Dramatic Humility (Excerpt)
In his Treatise Concerning Religious Affections, 18th Century colonial Puritan, Jonathan Edwards, initially defines humility as, “a sense that a Christian has of his own insufficiency, despicableness, and odiousness, with an answerable frame of heart” (Jonathan Edwards. The Works of Jonathan Edwards, Vol. 2: Religious Affections, 311). For Edwards, humility can be divided into the two distinct categories of legal and evangelical humility. Legal humility comes apart from gracious affections, assists the conscience, and increases one’s sense of the things of God, “particularly of the natural perfections of God, such as his greatness, terrible, majesty, etc” (Religious Affections, 311). Evangelical humility comes through a special influence of the Spirit, implants “supernatural and divine principles,” and creates a greater awareness of the majesty and the beauty of God (Religious Affections, 311). One who has legal humility can rightly acknowledge the power and magnitude of God. He can see God and his grandeur and he can be convinced of his wickedness and sinful nature, but according to Edwards, “they don’t see the hateful nature of sin” (Religious Affections, 311). On the day of judgement, all men will bow before the power of God and believe that they are wretchedly sinful, but this does not mean that all men will possess evangelical humility. Evangelical humility demands that one not only be convinced of their sinfulness, but also that they be convinced of the odiousness of sin itself.
Seeing sin as odious comes only by, “a discovery of the beauty of God’s holiness and moral perfection” (Religious Affections, 311). Legal humiliation cannot lead to this conclusion because it knows only guilt. Those who possess legal humiliation must come to guilt because the combined knowledge of God’s power and one’s own sin begets despair. Men who possess legal humility can feel themselves abased and deplorable, but this does not necessitate seeing the odiousness of sin, for Edwards says, “Men may be legally humbled and have no humility” (Religious Affections, 312). Edwards contrasts this state with those of evangelical humility who, by seeing the odiousness of their sin, “are brought voluntarily to deny and renounce themselves” (Religious Affections, 312). Evangelical humility understands its sin and readily surrenders itself to the mercy of God. Unlike those of legal humility, they are not drawn into despair, but rather compelled to bow to their exalted God, which is the posture of true humility.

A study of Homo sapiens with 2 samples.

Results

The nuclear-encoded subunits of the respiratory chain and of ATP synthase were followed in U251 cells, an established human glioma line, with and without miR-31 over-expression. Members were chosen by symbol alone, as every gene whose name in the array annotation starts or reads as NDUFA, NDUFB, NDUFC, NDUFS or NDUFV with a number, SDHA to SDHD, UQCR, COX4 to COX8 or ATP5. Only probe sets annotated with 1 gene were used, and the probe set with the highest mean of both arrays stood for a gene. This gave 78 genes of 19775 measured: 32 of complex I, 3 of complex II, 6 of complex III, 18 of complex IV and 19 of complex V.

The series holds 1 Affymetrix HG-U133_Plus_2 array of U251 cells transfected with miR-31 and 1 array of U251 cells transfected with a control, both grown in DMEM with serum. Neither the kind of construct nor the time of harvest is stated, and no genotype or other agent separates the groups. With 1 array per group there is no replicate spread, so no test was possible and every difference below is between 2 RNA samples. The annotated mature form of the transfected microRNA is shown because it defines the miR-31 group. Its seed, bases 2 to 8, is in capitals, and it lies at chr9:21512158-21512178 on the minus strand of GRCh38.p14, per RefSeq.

To Edwards, true humility consists in large part of self-denial. Self-denial is the rejection of both worldly inclinations and self-exaltation. By a denial of worldly inclinations he means, “forsaking and renouncing all worldly objects and enjoyments” (Religious Affections, 315). He does not mean to imply that there ought not be joy in the world, but rather that joy should not be grounded in or terminate in worldly objects. This first kind of denial is simply a rejection of disordered affections. By a denying his natural self-exaltation, he means, “renouncing his own dignity and glory” (Religious Affections, 315). In saying this he cannot mean that men are utterly void of dignity or glory, therefore it seems as though he is putting great stress on the word “natural.” By saying it this way he brings out the sinful inclination of all men to exalt themselves over other men and God, which is usually referred to as simple pride. This sort of denial of self-exaltation is a denial of personal autonomy.
Edwards frames humility’s primary posture as Godward. But this posture carries with it the necessary effects of denying one’s self of inordinate worldly pleasures and self-exaltation. In his descriptions of humility, Edwards appears to be harsh and unnervingly negative since humility is expressed primarily by rejecting the sin of pride. His severity in this area comes in-part from righteous disgust and repulsion to pride. The idea of pride is more nuanced in the famous 20th Century writer, C.S. Lewis, who provides more precision by creating a category for what could be called righteous pride. A man can rightly be “proud” of his son and not be in sin. According to Lewis, when we use pride in this manner we more rightly mean that someone, “has warm hearted admiration” for something outside of himself (C.S. Lewis. Mere Christianity, 127). This kind of affection can easily go astray, but pride of this nature does not necessarily entail a sinful heart.
While he does allow for a kind of righteous pride, Lewis agrees with Edwards when referring to pride, the vice. Lewis describes pride as “enmity to God” and “Spiritual cancer: it eats up the very possibility of love, or contentment, or even common sense.” For Lewis, the best test of pride comes when ones enters into the presence of God. It becomes easy for a man to masquerade as a humble person when he lives in a world ruled by a false god of his imagining, but when he approaches the presence of the true God, false humility falls away and he is left with only two options: “you either forget about yourself altogether or see yourself as a small dirty object” (Mere Christianity, 127). Edwards encourages the second option. Lewis disagrees with Edwards by simply saying, “it is better to forget about yourself altogether” (Mere Christianity, 127). Lewis’s correction of Edwards suggests that humility ought to be primarily characterized by self-forgetfulness, rather than by the suppression of pride.